Monday, February 02, 2015

Blasting the Strawmen

Since Obama has no more elections to win he's of no mind to give pre-Superbowl interviews to anyone who might ask tough questions. It's all about controlling the national narrative now.  

To help, CNN broadcast an interview yesterday with the plagiarist, a preview of the attack strategy to be used in defining the narrative.   Discussing the threat of Islamic terrorism, Obama basically downplayed the whole thing then blamed Bush... again (shown in bold)...
"The truth of the matter is that they can do harm. But we have the capacity to control how we respond in ways that do not undercut what's the essence of who we are. That means that we don't torture, for example, and thereby undermine our values and credibility around the world," Obama said.
"It means that we don't approach this with a strategy of sending out occupying armies and playing whack-a-mole wherever a terrorist group appears because that drains our economic strength and it puts enormous burdens on our military."

Blaming Bush is the gift that keeps on giving with his base, but Democrats as a whole need to downplay terrorism.  Clinton did it in the 90s despite bombings, attacks and bin Laden's multiple declarations of war against America.  When challenged on it later by Fox's Chris Wallace he went ballistic, all while trying to make sure ABC News spiked its terrorism docudrama "the Path to 9/11".  It's hard to focus the country on taxing the rich and downsizing the Defense Department if Islamist terrorists are posing an existential threat against Western Civilization.

In 2004 John Kerry tried the tactic again, suggesting to the NY Times that terrorism should be treated as kind of nuisance.  That's one reason why the Dems don't want Bibi Netanyahu coming to Congress to remind people of the harsh realities.  It's also likely one of the main reasons Obama sent nobody to the anti-terrorism march in Paris.  In his old new narrative AQ is a nuisance, still on the run, and we need to fight them with smart power, using pinpricks and FBI agents like Clinton, and hey, deploying lots of troops to combat this diminishing threat is hard on the troops not to mention stupid like Bush.  That's basically his foreign policy in a nutshell.  

But Zakaria wasn't the annual pre-Superbowl interview, it was with the most friendly Obama mirror of all--NBC News.  Savannah Guthrie, a nice pleasant female anchor, was chosen to ask the questions.  Yet she seemed to put a small chink in the narrative by daring to call it a 'strawman argument'. Watch the reaction around the 1:35 mark...


Perhaps he felt like Guthrie might actually challenge him a little more and re-calibrated, although he did get in his "shoot first aim later" Bush-McCain-Romney bash comment in both interviews without challenge.

As to the strawman, not only Zakaria carried this theme on Sunday, but the Washington Post also featured a touching story on how Obama is deeply affected by the casualties of war:
Discussions of war and peace in Washington often revolve around abstract questions of policy and national interest. Rarely mentioned are the human costs of war and how they weigh on a commander in chief. “It’s probably the least appreciated and most difficult part of leadership,” said Michele Flournoy, who served at the top levels of Obama’s Pentagon. “It’s not an abstraction, and, if you have any doubt, it eats at you, because the human costs are very real.”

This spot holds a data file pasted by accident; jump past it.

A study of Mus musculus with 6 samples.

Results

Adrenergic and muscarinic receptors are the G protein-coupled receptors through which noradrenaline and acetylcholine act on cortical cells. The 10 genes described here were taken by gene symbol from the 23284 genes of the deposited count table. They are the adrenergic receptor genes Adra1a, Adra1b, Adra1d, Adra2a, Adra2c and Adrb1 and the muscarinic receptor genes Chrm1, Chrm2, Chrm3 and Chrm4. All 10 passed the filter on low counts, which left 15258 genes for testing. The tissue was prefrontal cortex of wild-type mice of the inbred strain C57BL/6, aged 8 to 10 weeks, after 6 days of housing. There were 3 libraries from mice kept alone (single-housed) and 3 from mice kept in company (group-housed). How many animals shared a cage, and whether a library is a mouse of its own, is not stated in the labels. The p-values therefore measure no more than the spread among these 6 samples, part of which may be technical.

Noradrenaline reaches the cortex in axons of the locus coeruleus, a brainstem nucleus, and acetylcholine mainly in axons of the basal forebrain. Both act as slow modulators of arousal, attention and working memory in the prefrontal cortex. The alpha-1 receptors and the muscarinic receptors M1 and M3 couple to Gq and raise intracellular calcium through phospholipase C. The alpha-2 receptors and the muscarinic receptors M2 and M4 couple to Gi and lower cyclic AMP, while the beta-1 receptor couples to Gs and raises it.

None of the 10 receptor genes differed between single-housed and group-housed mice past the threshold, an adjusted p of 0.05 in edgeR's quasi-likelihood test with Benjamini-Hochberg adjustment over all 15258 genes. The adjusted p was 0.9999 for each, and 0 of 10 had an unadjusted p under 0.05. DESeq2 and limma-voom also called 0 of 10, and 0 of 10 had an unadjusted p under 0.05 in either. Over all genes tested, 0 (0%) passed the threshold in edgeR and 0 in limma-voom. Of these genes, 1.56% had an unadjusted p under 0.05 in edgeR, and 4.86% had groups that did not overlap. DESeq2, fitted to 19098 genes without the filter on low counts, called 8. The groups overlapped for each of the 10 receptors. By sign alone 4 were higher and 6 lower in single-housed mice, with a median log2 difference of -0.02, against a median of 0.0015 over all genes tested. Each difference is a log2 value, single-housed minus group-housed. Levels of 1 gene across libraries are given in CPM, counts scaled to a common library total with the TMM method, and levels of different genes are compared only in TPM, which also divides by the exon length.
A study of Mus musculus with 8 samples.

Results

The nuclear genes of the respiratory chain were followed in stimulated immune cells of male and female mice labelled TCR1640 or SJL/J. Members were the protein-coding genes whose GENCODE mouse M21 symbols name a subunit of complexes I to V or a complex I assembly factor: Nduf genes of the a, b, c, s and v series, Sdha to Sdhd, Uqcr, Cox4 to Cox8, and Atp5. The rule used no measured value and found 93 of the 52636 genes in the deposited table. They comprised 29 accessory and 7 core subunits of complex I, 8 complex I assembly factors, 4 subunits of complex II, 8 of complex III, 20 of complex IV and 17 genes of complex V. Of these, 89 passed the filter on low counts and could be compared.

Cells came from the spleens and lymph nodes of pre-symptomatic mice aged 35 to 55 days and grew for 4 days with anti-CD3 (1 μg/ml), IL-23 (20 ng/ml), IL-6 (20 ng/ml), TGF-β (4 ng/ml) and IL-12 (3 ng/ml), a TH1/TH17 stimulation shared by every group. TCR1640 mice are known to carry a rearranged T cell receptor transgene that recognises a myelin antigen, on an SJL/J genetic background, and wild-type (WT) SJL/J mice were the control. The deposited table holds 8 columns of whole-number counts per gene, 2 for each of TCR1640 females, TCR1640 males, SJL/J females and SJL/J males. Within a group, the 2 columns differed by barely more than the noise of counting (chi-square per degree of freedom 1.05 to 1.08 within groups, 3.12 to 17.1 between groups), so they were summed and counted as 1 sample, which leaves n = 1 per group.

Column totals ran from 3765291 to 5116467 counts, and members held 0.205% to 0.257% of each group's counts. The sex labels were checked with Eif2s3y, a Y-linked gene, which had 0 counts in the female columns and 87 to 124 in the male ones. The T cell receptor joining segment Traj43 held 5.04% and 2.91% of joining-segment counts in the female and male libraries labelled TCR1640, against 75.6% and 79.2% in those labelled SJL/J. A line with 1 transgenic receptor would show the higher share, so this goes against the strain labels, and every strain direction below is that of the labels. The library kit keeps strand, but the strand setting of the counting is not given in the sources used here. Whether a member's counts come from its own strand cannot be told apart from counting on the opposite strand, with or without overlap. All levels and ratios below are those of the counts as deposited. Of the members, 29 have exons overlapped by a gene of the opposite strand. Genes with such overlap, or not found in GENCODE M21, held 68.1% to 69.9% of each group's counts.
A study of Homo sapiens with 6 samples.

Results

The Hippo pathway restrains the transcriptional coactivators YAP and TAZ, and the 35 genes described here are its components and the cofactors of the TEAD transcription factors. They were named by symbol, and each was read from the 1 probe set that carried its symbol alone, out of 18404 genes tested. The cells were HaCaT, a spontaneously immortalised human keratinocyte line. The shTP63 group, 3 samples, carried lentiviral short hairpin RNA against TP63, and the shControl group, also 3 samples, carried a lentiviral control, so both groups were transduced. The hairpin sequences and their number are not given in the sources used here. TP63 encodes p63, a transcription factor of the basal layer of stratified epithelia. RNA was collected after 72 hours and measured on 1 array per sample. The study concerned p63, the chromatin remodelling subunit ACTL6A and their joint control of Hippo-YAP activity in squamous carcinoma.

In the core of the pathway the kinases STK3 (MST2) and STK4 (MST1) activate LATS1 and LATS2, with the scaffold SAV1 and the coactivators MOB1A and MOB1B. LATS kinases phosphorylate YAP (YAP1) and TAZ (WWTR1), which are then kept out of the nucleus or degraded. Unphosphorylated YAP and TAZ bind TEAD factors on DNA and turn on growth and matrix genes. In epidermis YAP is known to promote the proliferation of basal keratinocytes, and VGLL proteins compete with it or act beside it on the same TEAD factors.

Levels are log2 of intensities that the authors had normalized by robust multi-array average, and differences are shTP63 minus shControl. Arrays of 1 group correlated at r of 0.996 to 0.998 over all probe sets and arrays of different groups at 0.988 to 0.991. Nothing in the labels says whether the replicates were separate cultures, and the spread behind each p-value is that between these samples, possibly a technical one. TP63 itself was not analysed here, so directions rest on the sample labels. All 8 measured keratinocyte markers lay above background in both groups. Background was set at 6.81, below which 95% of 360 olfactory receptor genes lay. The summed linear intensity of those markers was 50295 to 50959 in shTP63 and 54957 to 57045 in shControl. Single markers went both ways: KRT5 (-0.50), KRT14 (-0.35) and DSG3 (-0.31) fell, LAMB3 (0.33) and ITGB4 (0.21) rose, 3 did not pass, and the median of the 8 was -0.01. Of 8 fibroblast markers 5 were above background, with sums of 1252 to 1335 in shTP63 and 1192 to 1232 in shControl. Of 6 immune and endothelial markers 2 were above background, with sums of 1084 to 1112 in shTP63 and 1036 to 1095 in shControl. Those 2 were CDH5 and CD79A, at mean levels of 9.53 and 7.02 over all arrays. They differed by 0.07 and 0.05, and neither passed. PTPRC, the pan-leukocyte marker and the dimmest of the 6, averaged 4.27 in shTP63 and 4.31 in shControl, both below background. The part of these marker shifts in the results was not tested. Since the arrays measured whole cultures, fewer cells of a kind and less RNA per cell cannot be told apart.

At the end of Zakaria's interview he had asked Obama to recommend a book. Without hesitation Obama recommended a book called "Redeployment" by Phil Klay. This was clearly not spontaneous, evident by the way Obama reacted to the question and the fact CNN put a cover of the book on the screen while they were talking.  Sorry, the control room isn't that good, so they were helping him make his point.

The book happens to be about a soldier's perspective on the cost of war. Clearly a good thing for a Commander-in-Chief to be reading and promoting, right? Right, unless he's doing it in cahoots with the MSM to fight a war against domestic political foes critical of his response to increasing terrorism.

So based on Obama's reaction one has to wonder if Guthrie went off the script when she blurted out 'strawman', which forced an abrupt interruption by the president, while later asking tough questions about whether terrorism was as defeated as he claims.  

Meanwhile, the 2016 budget came out today.  It has no chance of passage, but we'll see if media puppets the talking points of the wise and caring president trying to help the 'middle class' despite the same guy hardly mentioning the middle class before the mid-terms last November.

Back then the WH needed the black vote, so the press focused on Ferguson and New York and "reverend" Al coming in and out of the White House and pounding his fist, all while his fellow Democrats kept a 10 foot pole between themselves and the White House because they were so afraid of how the middle class might vote.  Where is Ferguson now?  

Now the WH needs to tamp down the threat of terrorism again, just like 2012 before Benghazi, so we'll see if the press comes along and helps like Candy Crowley did in the second debate.  The CNN and the WaPo examples would suggest that yes, nothing will change, but perhaps Savannah Guthrie's small but surprising 'truth to power' moment indicates that a few networks might try salvage a smidgen of credibility going into 2016.  Yes, right, we've been fooled before.